Literacy is the ability to read and write. Its antonym is illiterate. The term literacy also refers to the possession of enough reading and writing ability to function in society. People are functionally illiterate if they cannot read or write well enough to carry out activities that are common in the social settings, such as employment, school work, and voting.

Before the 1400's, the vast majority of people in Europe were illiterate as most people never had the opportunity to learn to read because there were few schools and books. Although people at every level of society could read, most literate people belonged to the upper classes.

In the 1440's, the German printer Johannes Gutenberg became the first European to print a book from movable type. As a result, reading material was eventually mass-produced in Europe and inexpensive books became more widely available. One of the first books printed in Europe was the Bible. During the 1500's, the Protestant Reformation and Roman Catholic Counter Reformation spurred people's desire to read the Bible for themselves.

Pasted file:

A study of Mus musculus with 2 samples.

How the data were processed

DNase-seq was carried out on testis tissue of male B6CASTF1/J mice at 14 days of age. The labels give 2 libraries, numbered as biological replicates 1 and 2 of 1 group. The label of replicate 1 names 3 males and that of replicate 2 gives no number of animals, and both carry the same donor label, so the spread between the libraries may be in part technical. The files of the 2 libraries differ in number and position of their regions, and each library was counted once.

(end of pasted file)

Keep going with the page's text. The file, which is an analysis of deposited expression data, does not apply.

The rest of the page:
With the spread of commerce and industry during the 1700's and 1800's, a large number of people migrated to cities to take jobs. Increasingly, people had to read instructions and perform other tasks, such as following procedures, that required literacy. In addition, governments began to value education, thus the public school system expanded. By the late 1800's, formal education had become fairly common, and many children were being taught to read in school. As a result of these developments, more people had the opportunity and motivation to learn to read and write, causing the literacy rate to rise rapidly after 1800.

Also see my related blog posting on poverty, education, literacy, and the brain.